Tuesday, January 22, 2008

Lash on Barnett on Lash on the 9th Amentment

Kurt T. Lash, Loyola Law School Los Angeles, has posted a new essay, Federalism, Freedom, and the Founders' View of Retained Rights. The essay is a companion to Lash's article A Textual-Historical Theory of the Ninth Amendment, and responds to a critique of the article by Randy Barnett, Kurt Lash's Majoritarian Difficulty. Lash's and Barnett's pieces will appear in the Stanford Law Review. Here's the abstract:
In A Textual-Historical Theory of the Ninth Amendment, 60 Stanford Law Review (forthcoming 2008), I explain how some of the most common theories of the Ninth Amendment either have nothing to do with the actual text of the Amendment or place the text in conflict with similar terms in the Tenth Amendment. Focusing on the actual words of the Amendment, I argue that the text of the Ninth point towards a federalist rule of construction in which the people's retained rights are necessarily left to the control of the collective people in the several states. I also explain how this reading fits with the available historical evidence and reconciles the people of the Ninth with the people of the Tenth Amendment. At the invitation of the Stanford Law Review, Ninth Amendment scholar Professor Randy Barnett has now written a response to this piece. In his essay, Kurt Lash's Majoritarian Difficulty, Professor Barnett characterizes my approach to the Ninth Amendment as majoritarian and argues that the Ninth was intended to reflect the distinctly antimajoritarian views of Madison and the First Congress. Instead of protecting the collective rights of the people in the states, Barnett maintains that Ninth Amendment protects only individual rights and cites as critical support the opposition views of the antifederalist Virginia Senate and the majority opinion in Chisholm v. Georgia.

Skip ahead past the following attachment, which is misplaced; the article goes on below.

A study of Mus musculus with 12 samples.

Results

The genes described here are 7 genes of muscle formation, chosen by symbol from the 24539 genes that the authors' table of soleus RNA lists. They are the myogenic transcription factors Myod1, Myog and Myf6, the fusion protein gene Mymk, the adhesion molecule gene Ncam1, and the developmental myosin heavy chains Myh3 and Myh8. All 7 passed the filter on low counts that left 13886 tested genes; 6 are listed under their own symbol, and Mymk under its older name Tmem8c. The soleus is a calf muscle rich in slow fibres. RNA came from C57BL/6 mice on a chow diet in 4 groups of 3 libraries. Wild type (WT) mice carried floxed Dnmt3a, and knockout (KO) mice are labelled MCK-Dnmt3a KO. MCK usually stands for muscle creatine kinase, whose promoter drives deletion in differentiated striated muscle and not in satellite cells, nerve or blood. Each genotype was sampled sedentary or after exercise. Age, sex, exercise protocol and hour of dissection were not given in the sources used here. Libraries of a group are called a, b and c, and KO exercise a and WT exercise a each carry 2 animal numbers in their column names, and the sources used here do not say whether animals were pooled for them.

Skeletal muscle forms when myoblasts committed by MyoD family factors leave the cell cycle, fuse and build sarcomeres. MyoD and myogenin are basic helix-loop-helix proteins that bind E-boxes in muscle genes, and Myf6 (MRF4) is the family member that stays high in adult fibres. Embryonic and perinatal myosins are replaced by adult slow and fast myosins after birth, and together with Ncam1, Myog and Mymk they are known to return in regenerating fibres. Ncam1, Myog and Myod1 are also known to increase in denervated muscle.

In this brief reply essay, I clarify the distinction between individual, majoritarian and collective rights and explain how all were likely among the rights retained by the people under the Ninth Amendment. This federalist (as opposed to majoritarian) reading of the Ninth Amendment was expressly embraced by participants in the drafting and ratification of the Ninth Amendment, in particular James Madison, the drafter of the Amendment. In a major speech which he delivered while the Ninth Amendment remained pending in the states (a speech which Barnett does not mention), Madison explained how the Ninth Amendment was drafted in response to concerns emanating from the state ratifying conventions and that both the Ninth and Tenth Amendments were intended to preserve the retained powers and rights of the people in the states. Although the Chisholm majority presented a distinctly non-federalist vision of the people, had this been the common reading of the Ninth and Tenth in 1791, this would have ensured the defeat of the Bill of Rights - an outcome Virginia antifederalists desperately but unsuccessfully sought to achieve.